Thanks to the trust, dedication and support of the GI cancer community, up to $200,000 has been awarded to Prof Vicki Whitehall for her rectal cancer research project.
The study is titled Predicting Chemoradiotherapy Sensitivity in Rectal Cancer Organoids, or PRoSecCO for short. It aims to predict how effective chemoradiotherapy treatments will be for rectal cancer patients before they go on them.
Using a provided biological sample, the study hopes to contribute to improved outcomes and quality of life for patients, which could include potentially fewer and less amounts of harsh treatments with questionable trade-off of benefits, avoidance of surgery altogether or expedited access to alternative therapies that could be more effective.
“Patients with rectal cancer will often receive a type of therapy called radiation,” says Prof Whitehall.
“Around 10% of patients will completely respond to this therapy, and in this subgroup, if we knew this information, the patient would be able to avoid surgery.
“Unfortunately, about half of all patients with rectal cancer will receive no benefit whatsoever from radiotherapy.
“If we knew this in advance, these patients could avoid radiation altogether that could be potentially damaging, and have accelerated access to other therapies that are more likely to be helpful.”
Rectal cancer, alongside colon cancer, is the second most common cause of cancer death in Australia. The two are collectively referred to as colorectal cancer or bowel cancer.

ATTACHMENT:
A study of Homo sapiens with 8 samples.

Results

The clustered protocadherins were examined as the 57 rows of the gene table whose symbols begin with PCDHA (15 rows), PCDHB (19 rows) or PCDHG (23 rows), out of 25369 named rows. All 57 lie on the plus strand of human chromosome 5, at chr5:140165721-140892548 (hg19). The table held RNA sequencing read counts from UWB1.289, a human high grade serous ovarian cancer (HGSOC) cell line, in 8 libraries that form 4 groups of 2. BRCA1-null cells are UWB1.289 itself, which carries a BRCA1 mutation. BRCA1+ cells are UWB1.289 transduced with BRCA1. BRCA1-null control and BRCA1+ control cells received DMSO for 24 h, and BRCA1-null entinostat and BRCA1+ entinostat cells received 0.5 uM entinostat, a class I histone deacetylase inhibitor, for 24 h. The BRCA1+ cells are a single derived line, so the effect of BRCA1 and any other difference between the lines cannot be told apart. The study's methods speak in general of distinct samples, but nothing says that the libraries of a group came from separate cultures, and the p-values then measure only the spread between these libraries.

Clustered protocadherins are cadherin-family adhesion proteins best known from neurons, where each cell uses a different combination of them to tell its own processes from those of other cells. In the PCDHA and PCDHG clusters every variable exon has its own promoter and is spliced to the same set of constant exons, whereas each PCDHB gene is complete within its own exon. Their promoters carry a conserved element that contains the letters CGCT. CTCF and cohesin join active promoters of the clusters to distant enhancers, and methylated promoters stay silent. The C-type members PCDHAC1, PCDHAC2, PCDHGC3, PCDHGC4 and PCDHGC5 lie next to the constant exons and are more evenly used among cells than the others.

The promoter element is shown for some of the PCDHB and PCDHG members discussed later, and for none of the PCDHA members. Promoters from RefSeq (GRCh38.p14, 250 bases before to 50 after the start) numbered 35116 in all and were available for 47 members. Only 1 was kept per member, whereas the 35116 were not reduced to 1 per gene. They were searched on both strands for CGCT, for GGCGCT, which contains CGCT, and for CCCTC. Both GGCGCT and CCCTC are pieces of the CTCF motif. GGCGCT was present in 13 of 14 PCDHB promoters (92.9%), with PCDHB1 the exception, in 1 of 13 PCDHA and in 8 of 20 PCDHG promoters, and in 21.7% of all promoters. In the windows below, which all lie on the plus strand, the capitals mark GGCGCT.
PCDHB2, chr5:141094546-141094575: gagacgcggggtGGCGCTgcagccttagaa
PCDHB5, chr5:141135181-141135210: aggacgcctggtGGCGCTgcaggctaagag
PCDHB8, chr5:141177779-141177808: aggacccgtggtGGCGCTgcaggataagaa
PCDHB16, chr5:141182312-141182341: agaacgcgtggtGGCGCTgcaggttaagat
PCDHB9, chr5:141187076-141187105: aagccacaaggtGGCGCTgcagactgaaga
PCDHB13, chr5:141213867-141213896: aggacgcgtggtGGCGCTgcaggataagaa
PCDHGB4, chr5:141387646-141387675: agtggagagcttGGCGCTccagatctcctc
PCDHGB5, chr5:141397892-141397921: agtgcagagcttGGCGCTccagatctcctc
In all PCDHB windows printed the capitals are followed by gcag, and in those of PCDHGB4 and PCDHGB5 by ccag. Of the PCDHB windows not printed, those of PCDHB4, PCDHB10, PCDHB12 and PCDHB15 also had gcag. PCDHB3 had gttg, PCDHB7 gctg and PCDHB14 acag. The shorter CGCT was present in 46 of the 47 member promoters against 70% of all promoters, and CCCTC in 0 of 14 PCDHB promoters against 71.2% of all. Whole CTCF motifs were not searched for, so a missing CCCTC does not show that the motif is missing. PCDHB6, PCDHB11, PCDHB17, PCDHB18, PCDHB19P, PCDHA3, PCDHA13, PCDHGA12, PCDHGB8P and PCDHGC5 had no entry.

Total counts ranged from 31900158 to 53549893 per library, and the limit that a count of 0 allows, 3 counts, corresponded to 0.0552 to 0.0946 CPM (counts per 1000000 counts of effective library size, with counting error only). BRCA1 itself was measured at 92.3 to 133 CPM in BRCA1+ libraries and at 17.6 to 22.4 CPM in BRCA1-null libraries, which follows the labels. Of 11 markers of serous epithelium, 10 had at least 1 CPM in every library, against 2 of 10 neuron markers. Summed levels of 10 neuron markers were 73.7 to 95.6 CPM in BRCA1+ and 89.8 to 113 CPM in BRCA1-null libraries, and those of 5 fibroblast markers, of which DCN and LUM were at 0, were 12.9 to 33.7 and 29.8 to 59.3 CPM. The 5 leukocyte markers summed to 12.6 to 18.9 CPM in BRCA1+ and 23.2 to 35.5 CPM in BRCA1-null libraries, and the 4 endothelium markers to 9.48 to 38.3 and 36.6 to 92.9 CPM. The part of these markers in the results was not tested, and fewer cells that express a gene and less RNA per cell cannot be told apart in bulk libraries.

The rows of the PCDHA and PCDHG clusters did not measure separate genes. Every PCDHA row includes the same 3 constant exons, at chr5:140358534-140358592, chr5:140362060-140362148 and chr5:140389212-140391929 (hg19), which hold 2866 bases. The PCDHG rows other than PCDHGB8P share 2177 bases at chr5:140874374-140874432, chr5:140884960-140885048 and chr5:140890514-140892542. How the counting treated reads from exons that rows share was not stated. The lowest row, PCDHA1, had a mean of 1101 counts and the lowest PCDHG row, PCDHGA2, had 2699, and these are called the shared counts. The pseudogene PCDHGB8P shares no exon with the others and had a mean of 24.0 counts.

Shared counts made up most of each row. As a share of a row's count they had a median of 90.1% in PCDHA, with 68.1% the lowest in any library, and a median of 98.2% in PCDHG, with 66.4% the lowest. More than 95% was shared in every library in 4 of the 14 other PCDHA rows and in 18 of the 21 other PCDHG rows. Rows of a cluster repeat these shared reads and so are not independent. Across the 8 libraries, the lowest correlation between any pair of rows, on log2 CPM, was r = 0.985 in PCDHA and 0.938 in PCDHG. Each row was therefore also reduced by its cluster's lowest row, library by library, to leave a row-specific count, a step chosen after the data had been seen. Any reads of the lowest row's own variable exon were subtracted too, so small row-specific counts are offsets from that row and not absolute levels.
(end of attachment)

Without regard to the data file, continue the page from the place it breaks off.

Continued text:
But funding for research into rectal cancer treatments is urgently needed.
Prof Whitehall’s project presents a unique opportunity to kick-start new, updated approaches to the disease, including by putting the patient at the centre of decisions about their own health. The study will also be led by a multidisciplinary team, with the aim of producing more scientifically rigorous results that contribute to a larger range of improved patient outcomes.
“I’m working closely with Associate Professor David Clark, who’s a colorectal surgeon, and Dr Matthew Burge, who’s a medical oncologist at the Royal Brisbane and Women’s Hospital,” Prof Whitehall says.
“Together, we’re hoping that successful completion of this project will result in this technology being used clinically in the future.
“Thank you very much to the GI Cancer Institute for this opportunity.”
Groundbreaking research projects like this are made possible through contributions from people like you in the GI cancer community. Find out more about donating to the GI Cancer Institute or community fundraising with us.